A typical pride of lions consists of about six related females, their dependent offspring, and a “coalition” of 2–3 resident males that joined the pride from elsewhere. The pride is a “fission-fusion” society and pridemates are seldom found together, except for mothers that have pooled their offspring into a “crèche.”
Most daughters are recruited into their mothers’ pride although about a third disperse to form new prides; pride size ranges from 1–21 females, and mid-sized prides enjoy the highest reproductive rates, and females in the same pride breed at similar rates. Young males always leave home in search of unrelated mates. Coalition size varies from 1–10 males, and coalitions of 4–10 males consist entirely of males born in the same pride, whereas pairs and trios often include unrelated individuals. Although larger male coalitions enjoy higher per capita reproductive success, reproduction is only equally shared in small coalitions.
Lions are most affectionate to their like-sexed companions. Females spend their lives in their mothers’ pride or with their sisters in a new pride; males may only spend a few years in a given pride but remain with their coalition partners throughout their lives. Read more about group living.
When a new male coalition first takes over a pride, the cubs represent a major impediment to their reproduction. Mothers of surviving cubs will not mate again until their offspring are at least 18 months of age but will mate within days if their cubs are lost. Thus, incoming males are unwilling to be stepfathers and kill all the young cubs in their new pride; infanticide accounts for a quarter of all cub deaths. Although subadults often escape from infanticidal males, they become outcasts and must fend for themselves and suffer the risks of starvation and attacks from neighboring prides. Mothers will occasionally accompany evicted subadults until they reach independence.
Mothers directly defend their offspring against attacks by outside males, and females also reduce the risks of infanticide by inciting competition between rival males such that they only conceive again after the largest available coalition has become resident in their pride.
Female lions will kill the cubs of rival prides, but they never kill the cubs of their pridemates. The “egalitarianism” of female lions is strikingly different from the despotic behavior of wolves, wild dogs and many other species where dominant females prevent subordinates from breeding.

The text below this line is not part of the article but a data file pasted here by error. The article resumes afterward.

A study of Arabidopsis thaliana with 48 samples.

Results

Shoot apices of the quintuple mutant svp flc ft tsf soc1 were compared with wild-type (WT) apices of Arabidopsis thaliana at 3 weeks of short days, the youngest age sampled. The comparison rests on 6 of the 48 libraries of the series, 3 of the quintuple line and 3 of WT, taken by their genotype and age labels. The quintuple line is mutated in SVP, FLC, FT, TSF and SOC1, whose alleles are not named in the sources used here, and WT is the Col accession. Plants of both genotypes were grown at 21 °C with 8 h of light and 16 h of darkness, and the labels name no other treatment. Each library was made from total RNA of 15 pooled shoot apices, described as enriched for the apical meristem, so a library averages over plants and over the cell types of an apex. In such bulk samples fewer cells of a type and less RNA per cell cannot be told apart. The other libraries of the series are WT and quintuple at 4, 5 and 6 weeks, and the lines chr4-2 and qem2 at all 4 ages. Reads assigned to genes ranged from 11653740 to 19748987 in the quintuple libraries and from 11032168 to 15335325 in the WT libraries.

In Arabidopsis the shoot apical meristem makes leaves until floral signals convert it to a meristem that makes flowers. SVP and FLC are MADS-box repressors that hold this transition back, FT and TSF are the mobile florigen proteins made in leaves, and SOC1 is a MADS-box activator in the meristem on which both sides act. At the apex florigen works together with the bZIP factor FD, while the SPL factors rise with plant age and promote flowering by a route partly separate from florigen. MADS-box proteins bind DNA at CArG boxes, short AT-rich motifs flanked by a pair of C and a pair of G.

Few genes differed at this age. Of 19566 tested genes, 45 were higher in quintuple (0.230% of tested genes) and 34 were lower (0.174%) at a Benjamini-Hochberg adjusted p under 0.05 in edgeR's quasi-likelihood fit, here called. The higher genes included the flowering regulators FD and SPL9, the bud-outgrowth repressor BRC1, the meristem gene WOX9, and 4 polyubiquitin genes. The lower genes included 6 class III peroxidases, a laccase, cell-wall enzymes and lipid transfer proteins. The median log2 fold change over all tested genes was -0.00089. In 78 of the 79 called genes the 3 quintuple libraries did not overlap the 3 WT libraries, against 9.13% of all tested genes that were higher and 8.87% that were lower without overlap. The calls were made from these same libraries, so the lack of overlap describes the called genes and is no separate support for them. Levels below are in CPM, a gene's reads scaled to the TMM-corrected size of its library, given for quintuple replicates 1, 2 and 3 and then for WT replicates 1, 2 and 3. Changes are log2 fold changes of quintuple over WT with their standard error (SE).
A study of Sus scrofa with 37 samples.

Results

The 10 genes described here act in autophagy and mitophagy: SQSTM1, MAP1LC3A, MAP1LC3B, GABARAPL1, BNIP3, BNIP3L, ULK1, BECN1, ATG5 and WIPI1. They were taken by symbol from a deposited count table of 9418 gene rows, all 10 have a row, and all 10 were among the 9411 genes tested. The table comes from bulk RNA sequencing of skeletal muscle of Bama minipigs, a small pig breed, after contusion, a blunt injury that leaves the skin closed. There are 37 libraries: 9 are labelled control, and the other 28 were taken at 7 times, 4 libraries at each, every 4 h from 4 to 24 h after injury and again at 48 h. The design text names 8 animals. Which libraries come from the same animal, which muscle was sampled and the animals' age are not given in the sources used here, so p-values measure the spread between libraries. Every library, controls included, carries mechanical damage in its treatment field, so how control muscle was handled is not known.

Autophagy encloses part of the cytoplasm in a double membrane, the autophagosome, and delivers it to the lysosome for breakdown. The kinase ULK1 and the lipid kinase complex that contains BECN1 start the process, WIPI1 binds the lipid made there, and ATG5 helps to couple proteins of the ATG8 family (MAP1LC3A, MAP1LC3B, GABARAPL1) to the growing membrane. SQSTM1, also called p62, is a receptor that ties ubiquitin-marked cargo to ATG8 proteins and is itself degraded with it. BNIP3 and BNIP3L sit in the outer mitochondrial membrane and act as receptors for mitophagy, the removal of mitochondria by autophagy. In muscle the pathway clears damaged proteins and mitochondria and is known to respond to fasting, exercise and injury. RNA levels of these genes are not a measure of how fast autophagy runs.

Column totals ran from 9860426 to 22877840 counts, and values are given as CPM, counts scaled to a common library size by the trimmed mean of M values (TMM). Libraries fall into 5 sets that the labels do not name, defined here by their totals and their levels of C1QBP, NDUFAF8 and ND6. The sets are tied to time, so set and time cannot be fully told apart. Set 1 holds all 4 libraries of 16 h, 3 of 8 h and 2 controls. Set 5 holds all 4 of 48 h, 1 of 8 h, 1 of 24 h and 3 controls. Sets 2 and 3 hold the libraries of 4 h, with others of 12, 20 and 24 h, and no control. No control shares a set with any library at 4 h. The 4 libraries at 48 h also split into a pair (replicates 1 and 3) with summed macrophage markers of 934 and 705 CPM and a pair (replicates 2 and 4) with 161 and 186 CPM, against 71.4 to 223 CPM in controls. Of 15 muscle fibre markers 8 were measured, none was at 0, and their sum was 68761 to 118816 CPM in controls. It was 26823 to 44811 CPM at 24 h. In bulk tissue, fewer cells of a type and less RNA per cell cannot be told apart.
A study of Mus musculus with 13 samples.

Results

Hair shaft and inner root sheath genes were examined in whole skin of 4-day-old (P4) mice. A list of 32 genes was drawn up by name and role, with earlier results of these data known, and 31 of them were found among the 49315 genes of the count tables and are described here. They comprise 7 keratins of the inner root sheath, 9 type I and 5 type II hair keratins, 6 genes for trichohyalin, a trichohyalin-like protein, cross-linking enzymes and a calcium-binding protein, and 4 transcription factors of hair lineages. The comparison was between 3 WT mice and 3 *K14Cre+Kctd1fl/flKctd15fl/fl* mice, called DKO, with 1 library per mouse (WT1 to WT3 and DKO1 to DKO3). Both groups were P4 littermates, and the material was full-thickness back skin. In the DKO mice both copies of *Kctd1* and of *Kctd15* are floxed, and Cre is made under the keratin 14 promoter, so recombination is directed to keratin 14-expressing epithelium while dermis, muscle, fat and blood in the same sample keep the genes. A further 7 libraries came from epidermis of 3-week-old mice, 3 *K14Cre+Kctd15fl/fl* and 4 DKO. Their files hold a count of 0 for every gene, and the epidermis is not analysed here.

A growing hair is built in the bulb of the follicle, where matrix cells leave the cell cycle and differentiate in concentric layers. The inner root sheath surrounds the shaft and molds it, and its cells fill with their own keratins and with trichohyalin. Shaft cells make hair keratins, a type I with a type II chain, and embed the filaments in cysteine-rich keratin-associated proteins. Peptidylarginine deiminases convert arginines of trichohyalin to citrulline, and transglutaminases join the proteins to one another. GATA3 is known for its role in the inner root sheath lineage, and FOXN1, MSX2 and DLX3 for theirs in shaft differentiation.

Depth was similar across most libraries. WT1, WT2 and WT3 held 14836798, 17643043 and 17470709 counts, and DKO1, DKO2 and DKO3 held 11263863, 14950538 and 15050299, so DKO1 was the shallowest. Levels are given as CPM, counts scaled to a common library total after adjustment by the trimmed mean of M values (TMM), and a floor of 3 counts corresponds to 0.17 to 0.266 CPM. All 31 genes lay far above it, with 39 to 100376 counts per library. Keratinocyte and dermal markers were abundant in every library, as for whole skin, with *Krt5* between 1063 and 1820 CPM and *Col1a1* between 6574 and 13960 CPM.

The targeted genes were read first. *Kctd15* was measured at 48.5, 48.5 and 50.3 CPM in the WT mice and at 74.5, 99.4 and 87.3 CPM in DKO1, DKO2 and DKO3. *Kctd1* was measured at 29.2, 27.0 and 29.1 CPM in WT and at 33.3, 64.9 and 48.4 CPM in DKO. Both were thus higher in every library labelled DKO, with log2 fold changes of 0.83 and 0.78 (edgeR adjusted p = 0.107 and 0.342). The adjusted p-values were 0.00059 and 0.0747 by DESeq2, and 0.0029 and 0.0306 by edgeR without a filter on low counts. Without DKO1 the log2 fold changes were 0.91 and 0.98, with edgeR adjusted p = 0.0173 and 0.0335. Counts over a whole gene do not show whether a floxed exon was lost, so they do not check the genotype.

Communal cub rearing
A male takeover resets the reproductive clocks of all the females in a pride such that pridemates often give birth synchronously. Mothers of similarly aged cubs form a “crèche” and remain together for 1–2 years. Crèche-mates often nurse each other’s cubs, though they give priority to their own offspring followed by the offspring of their closest relatives. Mothers of singleton cubs produce the same amount of milk as mothers of large litters, and single-cub mothers are the least discriminating in their nursing.
The primary advantage of forming a crèche is that a group of females is better able to protect their young against infanticide. Males are 1.5 times larger than females, so a male can easily overpower a lone mother, whereas a crèche with at least two mothers can successfully protect at least some of their cubs against an extra-pride male. However, the crèche can only withstand a brief male incursion, so the females must also rely on protection from their resident males, who patrol the pride territory and fiercely repel outside males.
Lions are highly territorial and occupy the same area for generations. Females actively defend their territories against other females, while resident males protect prides from rival coalitions. Territory size depends on prey abundance, as well as access to water and denning sites.
The lion’s roar is a territorial display that can be heard from at least five km away. Lions are able to count the number of individuals in a roaring group and will challenge the invaders if they safely outnumber them.
Although foraging groups of lions often suffer reduced food intake from having to share their kills with pridemates, larger prides have a strong advantage in competition against neighboring groups. Larger prides are able to expand the size and quality of their territories and thereby gain greater reproductive success. The heterogeneity of savanna habitat appears to be the root cause of group territoriality in lions: territory quality largely depends on proximity to river confluences, which serve as funnels that force prey into a small area and also hold persistent waterholes and dense vegetation.